Wait, Your Blackheads Might Actually Be Sebaceous Filaments

photographed by Ana Larruy.
If you have blackheads, you’ll know how tempting it is to pick, pop and squeeze them. Typically cropping up on the nose, they are a combination of dead skin cells and sebum (oil) inside a pore, which, when exposed to air, tend to darken over time, hence the difference in colour compared to cystic spots or whiteheads. While it’s satisfying to prod and pummel them into oblivion, how do you know if they are blackheads or whether they’re actually sebaceous filaments?
Whether you've heard of them or not, mistaking sebaceous filaments for blackheads is much more common than we think. "Sebaceous filaments and blackheads can look very similar and it is very easy to get them confused," says facialist and skin expert, Kate Kerr, "but there is a stark difference between the two."

What is the difference between blackheads & sebaceous filaments?

"Our faces are covered in fine, tiny hairs, and every hair follicle from which these grow has a sebaceous gland which produces sebum," continues Kerr. "An overproduction of sebum from this gland can cause it to become clogged and appear like a blackhead." Ker adds that while a blackhead is a clogging of dead skin cells, pollution and sebum within a pore, a sebaceous filament is purely the overproduction of sebum from a hair follicle. In short, the oil inside the hair follicle simply makes the pore appear larger, which is why it’s so easy to mistake it for a blackhead. But there’s no need to squeeze. In fact, Kerr strongly advises against it due to the risk of pushing bacteria deeper into the skin.
It's important to note that sebaceous filaments are an entirely normal and natural part of your skin anatomy. If they're bothering you, though, there are things you can do to minimise them — and it’s all in the oil control. Your first port of call is salicylic acid at an effective concentration of 2%. The BHA — beta hydroxy acid — works to chip away at the mixture of dead skin cells and oil on the surface of the skin, but it also has the clever ability to penetrate the pore, regulating oil production at a deeper level.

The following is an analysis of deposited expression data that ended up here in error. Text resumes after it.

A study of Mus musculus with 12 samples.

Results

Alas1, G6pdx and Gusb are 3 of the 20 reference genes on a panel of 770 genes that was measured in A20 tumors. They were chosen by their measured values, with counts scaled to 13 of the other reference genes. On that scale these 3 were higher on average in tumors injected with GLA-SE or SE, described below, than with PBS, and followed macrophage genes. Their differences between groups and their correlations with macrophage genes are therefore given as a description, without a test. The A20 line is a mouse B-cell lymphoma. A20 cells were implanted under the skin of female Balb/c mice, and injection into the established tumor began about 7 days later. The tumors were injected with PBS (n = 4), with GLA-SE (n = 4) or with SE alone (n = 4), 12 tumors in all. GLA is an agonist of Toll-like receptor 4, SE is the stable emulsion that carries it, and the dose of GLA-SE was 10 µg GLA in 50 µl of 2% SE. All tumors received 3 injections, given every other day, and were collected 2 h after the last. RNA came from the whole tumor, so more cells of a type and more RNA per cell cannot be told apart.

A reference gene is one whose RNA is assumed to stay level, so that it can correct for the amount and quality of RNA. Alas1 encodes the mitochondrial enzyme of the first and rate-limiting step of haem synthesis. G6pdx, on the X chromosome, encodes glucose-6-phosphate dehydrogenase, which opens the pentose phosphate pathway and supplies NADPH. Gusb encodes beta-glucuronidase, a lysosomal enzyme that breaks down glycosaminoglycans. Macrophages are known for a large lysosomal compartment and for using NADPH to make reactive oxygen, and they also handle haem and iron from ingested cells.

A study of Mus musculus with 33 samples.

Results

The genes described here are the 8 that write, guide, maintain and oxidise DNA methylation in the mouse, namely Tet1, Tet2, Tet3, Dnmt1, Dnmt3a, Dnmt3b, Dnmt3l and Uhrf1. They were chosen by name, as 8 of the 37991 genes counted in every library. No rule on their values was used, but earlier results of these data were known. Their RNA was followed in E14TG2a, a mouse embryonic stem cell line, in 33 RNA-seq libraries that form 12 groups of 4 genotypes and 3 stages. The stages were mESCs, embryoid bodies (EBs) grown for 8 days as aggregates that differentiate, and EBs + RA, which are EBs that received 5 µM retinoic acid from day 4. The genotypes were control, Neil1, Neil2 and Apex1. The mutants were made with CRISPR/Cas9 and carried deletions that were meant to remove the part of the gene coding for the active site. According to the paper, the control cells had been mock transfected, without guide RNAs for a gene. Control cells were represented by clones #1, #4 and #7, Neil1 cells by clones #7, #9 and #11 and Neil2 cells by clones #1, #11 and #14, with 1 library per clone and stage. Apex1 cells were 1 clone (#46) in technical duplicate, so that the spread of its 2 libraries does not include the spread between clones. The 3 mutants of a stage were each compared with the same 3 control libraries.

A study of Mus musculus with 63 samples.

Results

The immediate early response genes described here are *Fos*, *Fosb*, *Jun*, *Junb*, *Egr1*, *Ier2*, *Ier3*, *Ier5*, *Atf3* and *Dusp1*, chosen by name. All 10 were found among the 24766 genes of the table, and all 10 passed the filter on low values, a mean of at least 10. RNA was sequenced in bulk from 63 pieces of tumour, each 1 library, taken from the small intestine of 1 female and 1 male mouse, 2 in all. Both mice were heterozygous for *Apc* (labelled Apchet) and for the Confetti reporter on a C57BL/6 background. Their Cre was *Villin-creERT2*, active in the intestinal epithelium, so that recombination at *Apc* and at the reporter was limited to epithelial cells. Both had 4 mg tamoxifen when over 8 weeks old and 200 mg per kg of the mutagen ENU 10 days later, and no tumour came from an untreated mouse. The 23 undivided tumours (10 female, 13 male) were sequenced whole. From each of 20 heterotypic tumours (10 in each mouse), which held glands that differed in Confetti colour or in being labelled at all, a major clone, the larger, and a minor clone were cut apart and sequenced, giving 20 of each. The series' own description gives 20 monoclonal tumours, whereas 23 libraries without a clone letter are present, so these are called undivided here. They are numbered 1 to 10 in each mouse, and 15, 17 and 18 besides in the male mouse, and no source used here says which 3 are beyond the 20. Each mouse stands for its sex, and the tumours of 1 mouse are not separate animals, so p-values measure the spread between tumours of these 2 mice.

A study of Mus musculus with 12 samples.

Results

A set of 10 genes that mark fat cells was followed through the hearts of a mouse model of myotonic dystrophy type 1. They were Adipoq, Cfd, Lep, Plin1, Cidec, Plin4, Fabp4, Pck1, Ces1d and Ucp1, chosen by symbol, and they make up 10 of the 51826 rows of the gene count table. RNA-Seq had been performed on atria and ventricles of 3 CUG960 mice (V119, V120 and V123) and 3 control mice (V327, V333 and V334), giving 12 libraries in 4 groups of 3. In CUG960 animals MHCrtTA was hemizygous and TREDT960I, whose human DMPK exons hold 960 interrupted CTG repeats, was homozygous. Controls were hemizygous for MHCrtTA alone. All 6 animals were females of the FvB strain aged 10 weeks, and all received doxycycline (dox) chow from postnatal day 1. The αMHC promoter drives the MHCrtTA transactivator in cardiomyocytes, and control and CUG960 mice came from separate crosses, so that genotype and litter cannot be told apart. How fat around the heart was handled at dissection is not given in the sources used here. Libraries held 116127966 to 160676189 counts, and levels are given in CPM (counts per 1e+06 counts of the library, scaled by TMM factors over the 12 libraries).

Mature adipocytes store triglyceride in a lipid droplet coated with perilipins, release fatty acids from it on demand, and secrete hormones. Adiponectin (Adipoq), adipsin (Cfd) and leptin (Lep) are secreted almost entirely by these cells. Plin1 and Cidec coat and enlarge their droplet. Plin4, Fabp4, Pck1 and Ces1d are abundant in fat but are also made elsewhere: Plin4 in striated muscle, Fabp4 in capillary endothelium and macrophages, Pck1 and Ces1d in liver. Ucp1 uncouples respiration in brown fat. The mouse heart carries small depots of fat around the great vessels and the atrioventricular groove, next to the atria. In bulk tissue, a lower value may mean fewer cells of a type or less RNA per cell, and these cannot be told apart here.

How do you get rid of blackheads?

"BHAs like salicylic acid also have anti-inflammatory and antibacterial properties," mentions Kerr. Try a leave-on exfoliating toner like Paula's Choice Skin Perfecting 2% BHA Liquid Exfoliant, £34, or Naturium BHA Liquid Exfoliant 2%, £19, before your moisturiser. Both can be used in the morning or the evening. You might prefer to try pre-soaked pads like Medik8 Blemish Control Pads, £30, or perhaps you'd like a serum like The Ordinary Salicylic Acid 2% Solution, £5.80, which helps exfoliate skin and unclog pores. Simply apply it to dry skin after cleansing and before moisturiser.
Gentle exfoliating cleansers that harness AHAs like lactic acid and glycolic acid are also effective at mopping up excess sebum. Kate Somerville ExfoliKate Cleanser, £38, is packed with the duo and makes oily skin feel fresh and supple by cutting through the oil that tends to collect around the T-zone. If you'd rather spend less, try L’Oréal Paris 3.5% Revitalift Glycolic Acid Cleanser, £7.99.
Where blackheads are concerned specifically, dermatologists recommend retinol. "Vitamin A derivatives — aka retinols — are also key to combating blackheads, as they stimulate cell turnover, which, in turn, prevents clogging," advises Kerr. Also, think about swapping your thick moisturiser for something with a gel-cream texture. Vichy Minéral 89 72HR Moisture Boosting Cream, £22, is lightweight but substantially moisturising thanks to hyaluronic acid and glycerin. Also try The Ordinary Natural Moisturizing Factors + HA, £9.90, which is non-comedogenic (less likely to clog pores).
Whatever you do, refrain from digging out blackheads yourself. "Pore extractions should always be performed by an experienced professional, with proper preparation pre- and post-extraction so as not to cause skin damage or further breakouts," says Kerr.